Ever since Amazon CEO Jeff Bezos acquired the Washington Post in 2013, the formerly stodgy newspaper has been making up for lost time, plunging into virtually every digital venture there is. In its latest move, the Post is bringing breaking news to Snapchat. But is that what users of the video-based messaging app really want?
The company announced on Monday that it is going to be providing multiple updates every day through Snapchat's Discover feature. Discover, which was introduced in 2015, is a kind of media carousel inside the Snapchat app that allows users to click on and get short video clips or other content from partners such as Vice, CNN (twx), and BuzzFeed.
The Washington Post says it is the first media company to bring breaking news to Snapchat in such a way, with multiple updates throughout the day. Most publishers post one news item or a collection of news items to the service per day.
It remains to be seen whether the Post's news content is going to be a good fit with Snapchat's younger users, however, because most of them use it for exchanging short video clips with each other or following celebrities like DJ Khaled.
Its Snapchat experiment is a good example of the Post's approach to digital, which is to try virtually everything, including distributing 100% of its content through Facebook's (fb) mobile-first Instant Articles feature, which automatically formats stories for mobile and shares advertising revenue with its publishing partners.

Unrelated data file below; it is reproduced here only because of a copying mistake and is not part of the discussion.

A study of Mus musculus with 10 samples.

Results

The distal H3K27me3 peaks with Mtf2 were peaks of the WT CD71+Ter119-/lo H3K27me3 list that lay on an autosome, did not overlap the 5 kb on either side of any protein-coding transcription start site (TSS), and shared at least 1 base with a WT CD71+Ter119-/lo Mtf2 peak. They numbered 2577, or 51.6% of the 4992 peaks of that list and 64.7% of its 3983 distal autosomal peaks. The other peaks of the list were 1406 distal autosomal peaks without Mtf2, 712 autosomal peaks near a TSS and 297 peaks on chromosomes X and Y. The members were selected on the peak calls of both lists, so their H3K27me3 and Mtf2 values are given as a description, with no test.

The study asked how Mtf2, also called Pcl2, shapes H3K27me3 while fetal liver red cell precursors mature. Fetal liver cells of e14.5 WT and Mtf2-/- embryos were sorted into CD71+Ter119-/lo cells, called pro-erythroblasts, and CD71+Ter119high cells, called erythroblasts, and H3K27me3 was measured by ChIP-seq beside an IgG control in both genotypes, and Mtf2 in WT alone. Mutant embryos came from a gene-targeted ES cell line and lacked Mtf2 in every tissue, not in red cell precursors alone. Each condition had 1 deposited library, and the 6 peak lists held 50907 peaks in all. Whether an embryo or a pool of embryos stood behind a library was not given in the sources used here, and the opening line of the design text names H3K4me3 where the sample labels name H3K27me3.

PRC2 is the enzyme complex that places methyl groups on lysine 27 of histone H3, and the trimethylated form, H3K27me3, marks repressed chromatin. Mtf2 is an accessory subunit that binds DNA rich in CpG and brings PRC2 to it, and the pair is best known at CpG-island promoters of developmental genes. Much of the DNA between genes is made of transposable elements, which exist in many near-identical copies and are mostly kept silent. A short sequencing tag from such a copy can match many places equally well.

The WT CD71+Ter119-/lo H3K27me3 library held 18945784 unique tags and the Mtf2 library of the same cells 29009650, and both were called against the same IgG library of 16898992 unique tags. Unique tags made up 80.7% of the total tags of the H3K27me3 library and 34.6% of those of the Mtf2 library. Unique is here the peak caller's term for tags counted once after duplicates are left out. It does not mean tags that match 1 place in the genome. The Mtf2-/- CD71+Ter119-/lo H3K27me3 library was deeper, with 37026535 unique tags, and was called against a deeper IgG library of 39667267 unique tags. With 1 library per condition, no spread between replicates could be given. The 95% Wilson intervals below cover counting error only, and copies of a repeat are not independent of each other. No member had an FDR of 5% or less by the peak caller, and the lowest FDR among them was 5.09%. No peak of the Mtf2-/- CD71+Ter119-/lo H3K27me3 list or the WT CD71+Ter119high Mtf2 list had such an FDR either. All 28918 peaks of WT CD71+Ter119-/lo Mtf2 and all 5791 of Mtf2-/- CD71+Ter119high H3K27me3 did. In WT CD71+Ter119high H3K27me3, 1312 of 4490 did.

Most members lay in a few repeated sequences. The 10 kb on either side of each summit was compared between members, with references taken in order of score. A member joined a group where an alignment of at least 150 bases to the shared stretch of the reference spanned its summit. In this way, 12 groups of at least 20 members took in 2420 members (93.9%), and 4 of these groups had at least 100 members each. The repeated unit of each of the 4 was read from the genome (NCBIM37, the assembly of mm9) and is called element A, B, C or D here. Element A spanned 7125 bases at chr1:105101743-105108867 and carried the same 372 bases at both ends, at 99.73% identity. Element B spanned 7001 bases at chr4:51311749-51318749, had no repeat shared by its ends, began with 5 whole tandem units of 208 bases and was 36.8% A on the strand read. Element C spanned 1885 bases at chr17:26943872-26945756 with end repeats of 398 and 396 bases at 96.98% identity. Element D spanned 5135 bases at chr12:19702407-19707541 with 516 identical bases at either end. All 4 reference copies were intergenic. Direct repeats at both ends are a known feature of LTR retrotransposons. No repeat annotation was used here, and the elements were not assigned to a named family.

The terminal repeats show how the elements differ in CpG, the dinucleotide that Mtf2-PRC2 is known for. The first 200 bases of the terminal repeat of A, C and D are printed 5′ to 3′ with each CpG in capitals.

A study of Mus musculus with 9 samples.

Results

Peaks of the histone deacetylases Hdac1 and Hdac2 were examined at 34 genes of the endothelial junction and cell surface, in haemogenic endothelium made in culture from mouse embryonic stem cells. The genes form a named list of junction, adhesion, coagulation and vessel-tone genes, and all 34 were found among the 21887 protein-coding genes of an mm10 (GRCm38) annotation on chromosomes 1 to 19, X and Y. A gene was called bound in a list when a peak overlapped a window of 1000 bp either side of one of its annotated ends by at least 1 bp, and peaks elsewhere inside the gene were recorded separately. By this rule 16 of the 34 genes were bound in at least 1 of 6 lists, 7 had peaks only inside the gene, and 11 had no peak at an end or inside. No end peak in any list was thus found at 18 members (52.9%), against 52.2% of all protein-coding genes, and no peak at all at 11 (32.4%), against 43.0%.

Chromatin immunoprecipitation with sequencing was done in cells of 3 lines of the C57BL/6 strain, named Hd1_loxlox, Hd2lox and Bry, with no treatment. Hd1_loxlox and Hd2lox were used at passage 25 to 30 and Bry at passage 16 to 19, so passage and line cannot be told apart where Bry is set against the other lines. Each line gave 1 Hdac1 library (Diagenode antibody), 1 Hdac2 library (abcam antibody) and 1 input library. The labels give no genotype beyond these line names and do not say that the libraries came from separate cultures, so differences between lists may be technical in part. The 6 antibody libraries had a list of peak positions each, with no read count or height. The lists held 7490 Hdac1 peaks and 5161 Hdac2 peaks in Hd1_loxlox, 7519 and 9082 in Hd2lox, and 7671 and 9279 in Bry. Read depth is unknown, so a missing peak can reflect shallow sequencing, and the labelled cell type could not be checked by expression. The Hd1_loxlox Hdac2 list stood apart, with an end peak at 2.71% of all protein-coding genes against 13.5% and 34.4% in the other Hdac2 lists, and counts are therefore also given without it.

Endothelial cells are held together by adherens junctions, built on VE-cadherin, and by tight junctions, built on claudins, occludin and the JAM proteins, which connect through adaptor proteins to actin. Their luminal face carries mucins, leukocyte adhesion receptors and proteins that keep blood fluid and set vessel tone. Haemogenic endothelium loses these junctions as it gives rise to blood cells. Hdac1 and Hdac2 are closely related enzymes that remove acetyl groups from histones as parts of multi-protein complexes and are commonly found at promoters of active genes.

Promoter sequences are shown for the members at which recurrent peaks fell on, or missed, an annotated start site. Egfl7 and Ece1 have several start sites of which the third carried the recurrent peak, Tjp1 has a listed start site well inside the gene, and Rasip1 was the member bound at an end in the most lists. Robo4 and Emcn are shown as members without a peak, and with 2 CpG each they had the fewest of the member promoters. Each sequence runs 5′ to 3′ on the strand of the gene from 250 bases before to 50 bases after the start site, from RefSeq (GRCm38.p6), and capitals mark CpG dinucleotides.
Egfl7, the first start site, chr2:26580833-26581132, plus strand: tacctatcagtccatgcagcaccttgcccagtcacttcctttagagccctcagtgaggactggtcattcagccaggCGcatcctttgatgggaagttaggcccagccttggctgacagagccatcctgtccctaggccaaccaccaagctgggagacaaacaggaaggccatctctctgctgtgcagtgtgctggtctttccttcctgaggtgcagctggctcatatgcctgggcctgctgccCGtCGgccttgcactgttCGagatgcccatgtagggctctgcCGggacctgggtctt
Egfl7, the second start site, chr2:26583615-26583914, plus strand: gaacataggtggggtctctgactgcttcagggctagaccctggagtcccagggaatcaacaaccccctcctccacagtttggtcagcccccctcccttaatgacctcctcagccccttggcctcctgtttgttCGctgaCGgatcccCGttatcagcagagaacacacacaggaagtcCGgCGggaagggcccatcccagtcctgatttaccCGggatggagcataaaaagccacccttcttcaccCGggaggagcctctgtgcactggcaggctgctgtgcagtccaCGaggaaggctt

That approach appears to be paying off for the paper. Not only has its online traffic expanded to the point where it is neck-and-neck with the New York Times, but the Post recently said that it is profitable, which puts it in a very select group of print-based media companies.
The Times, meanwhile, has been somewhat more cautious about partnering with every platform and handing over all of its content (although it is planning to launch a daily briefing on Discover soon). The paper is experimenting with a variety of digital solutions. But in most cases, it wants those solutions to be apps or services that it controls.
As for Snapchat Discover, publishers initially rushed to be part of the feature after it was rolled out, in part because Snapchat was growing so quickly. It now has about 160 million daily users, who use it up to 18 times a day, according to the company.
Snapchat's parent, Snap Inc., recently filed to go public with an initial share offering that could value the company at $25 billion, although some skeptics believe that figure is overstated, and that the company faces significant challenges from Facebook.
Another big attraction for media companies is that Snapchat is extremely popular with younger users. Its user interface is famously resistant to older users (although it redesigned recently to make it somewhat more intuitive). As print continues to decline, media outlets are increasingly desperate to get in front of younger users.
At least some of the initial enthusiasm for Snapchat's Discover feature appears to have worn off in the past few months, however.
The company recently changed the way it compensates publishers for their content, which some of its Discover partners were not happy about. And a report prepared for a group of digital publishers that was leaked to Business Insider recently estimated that the average revenue from Snapchat was relatively small compared with Facebook.